Rocket launcher still baffling BC authorities
Like a scene out of Grand Theft Auto, a tree pruner found a loaded rocket launcher in the woods beside a highway in British Columbia last week and authorities still don’t know how it got there. The M72 launcher, originally created as an anti-tank weapon in the early “60s but still used by the armed forces, was likely stolen from the Canadian military, according to sources like the National Firearms Association. The Canadian Forces explosive ordnance disposal unit had to be called in to take the weapon, which had firing instructions printed right on the side. Officials believe it had been sitting in the bush where it was found for at least six months.
P.E.I. to open new performing arts school
Aspiring dancers and musicians will soon have another educational option in Canada, as Prince Edward Island is set to open a new school of performing arts. The Atlantic province will be home to the Holland College School of Performing Arts, a joint effort from the Confederation Centre of the Arts and Holland College according to the CBC. Attendees will be able to choose between a music diploma program and a performing arts foundation certificate when it opens next September, with an additional dance performance diploma program to be added in Sept. 2012.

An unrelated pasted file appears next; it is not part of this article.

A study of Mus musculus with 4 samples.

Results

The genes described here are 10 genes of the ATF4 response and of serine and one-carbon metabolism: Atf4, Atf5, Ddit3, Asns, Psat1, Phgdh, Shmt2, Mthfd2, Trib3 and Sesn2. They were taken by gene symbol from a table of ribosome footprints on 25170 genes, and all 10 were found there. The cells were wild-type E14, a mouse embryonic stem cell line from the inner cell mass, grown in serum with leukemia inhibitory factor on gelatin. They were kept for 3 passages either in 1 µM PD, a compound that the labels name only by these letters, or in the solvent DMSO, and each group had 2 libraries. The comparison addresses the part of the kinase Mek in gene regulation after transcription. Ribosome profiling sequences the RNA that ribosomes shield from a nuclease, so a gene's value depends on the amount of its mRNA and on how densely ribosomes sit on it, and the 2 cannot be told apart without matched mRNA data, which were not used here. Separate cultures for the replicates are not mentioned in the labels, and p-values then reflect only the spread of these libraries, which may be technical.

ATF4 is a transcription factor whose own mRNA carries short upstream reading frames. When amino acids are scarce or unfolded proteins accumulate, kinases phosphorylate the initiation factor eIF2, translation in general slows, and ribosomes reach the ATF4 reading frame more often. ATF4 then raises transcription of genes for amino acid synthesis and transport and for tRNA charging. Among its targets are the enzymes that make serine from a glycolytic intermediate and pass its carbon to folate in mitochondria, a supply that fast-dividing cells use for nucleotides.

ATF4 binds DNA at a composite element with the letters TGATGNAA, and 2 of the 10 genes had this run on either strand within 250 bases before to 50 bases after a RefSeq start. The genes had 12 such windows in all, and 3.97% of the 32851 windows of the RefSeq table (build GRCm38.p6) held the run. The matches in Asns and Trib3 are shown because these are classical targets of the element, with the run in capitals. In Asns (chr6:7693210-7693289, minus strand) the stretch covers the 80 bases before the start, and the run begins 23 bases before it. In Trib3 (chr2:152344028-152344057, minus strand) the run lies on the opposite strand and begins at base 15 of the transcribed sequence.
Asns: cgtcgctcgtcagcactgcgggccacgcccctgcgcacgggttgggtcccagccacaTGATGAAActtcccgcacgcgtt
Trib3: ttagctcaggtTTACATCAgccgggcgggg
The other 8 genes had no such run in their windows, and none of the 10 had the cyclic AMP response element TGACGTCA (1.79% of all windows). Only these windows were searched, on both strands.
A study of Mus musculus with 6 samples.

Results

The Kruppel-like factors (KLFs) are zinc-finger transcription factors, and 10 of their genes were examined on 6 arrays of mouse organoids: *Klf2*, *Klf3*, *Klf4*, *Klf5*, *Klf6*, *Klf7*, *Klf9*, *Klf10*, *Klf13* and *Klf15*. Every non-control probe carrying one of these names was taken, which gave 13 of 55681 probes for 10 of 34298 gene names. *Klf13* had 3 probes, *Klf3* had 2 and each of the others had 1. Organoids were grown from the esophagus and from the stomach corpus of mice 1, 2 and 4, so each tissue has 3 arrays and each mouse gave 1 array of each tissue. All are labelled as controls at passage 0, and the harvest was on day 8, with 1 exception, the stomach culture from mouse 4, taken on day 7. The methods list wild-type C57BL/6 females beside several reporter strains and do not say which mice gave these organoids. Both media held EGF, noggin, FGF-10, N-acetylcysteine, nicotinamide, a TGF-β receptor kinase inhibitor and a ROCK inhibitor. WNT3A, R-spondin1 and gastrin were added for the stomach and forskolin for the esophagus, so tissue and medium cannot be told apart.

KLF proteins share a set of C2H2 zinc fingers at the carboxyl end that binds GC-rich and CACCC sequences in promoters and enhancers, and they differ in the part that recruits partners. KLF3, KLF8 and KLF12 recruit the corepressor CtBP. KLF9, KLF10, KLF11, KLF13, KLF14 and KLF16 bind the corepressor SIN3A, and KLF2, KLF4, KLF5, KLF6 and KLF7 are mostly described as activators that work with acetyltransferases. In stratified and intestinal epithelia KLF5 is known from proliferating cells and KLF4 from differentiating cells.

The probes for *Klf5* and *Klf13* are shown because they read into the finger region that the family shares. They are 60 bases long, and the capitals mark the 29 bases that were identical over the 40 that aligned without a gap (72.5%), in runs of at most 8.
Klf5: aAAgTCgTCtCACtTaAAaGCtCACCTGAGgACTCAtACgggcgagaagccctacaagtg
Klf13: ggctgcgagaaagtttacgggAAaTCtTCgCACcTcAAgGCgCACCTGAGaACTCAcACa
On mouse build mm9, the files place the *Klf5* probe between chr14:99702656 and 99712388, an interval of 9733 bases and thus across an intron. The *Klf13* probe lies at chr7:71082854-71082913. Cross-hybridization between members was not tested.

Soldier got your tongue?
A bizarre attack in the town of Cold Lake, Alta. has made international headlines after a man, who claimed to be a British soldier, bit off and reportedly swallowed a woman’s tongue in early October. The suspect had been dancing with the woman in a local bar when they began to kiss, and he proceeded to bite a large portion of her tongue clean off. The attack has sparked interest from both the RCMP and British military authorities and has already spawned comparisons to Hannibal Lecter. The bar in question is located near CFB Cold Lake, a massive air force base which sees soldiers from many different countries fly in and out every month. Police have no suspect at this point, and are staying close-lipped about any leads.
Using Facebook to find thieves: so it’s not just for stalking
It took 15 minutes for staff at an Ottawa area sports apparel store to find one of a group of shoplifters on Facebook. Last Wednesday, shoplifters got away with a Los Angeles Kings hat and a collector’s edition No. 99 Wayne Gretzky jersey, valued at $1,000. One shoplifter was picked out on Facebook as a friend of one of the 324 users who had “liked’ the store’s profile page, leading to the return of the merchandise. Ottawa police chief Vernon White was “impressed’ with the find, and said police are working on a social media program, but they never thought of using it for investigations. Store owner Chris Torti, who has decided not to press charges, because doing so could have potentially delayed recovery of the items, told the Ottawa Citizen that he encourages fellow retailers to use the social networking site for fighting theft: “Facebook is a great [technique], because you can really dig deep.”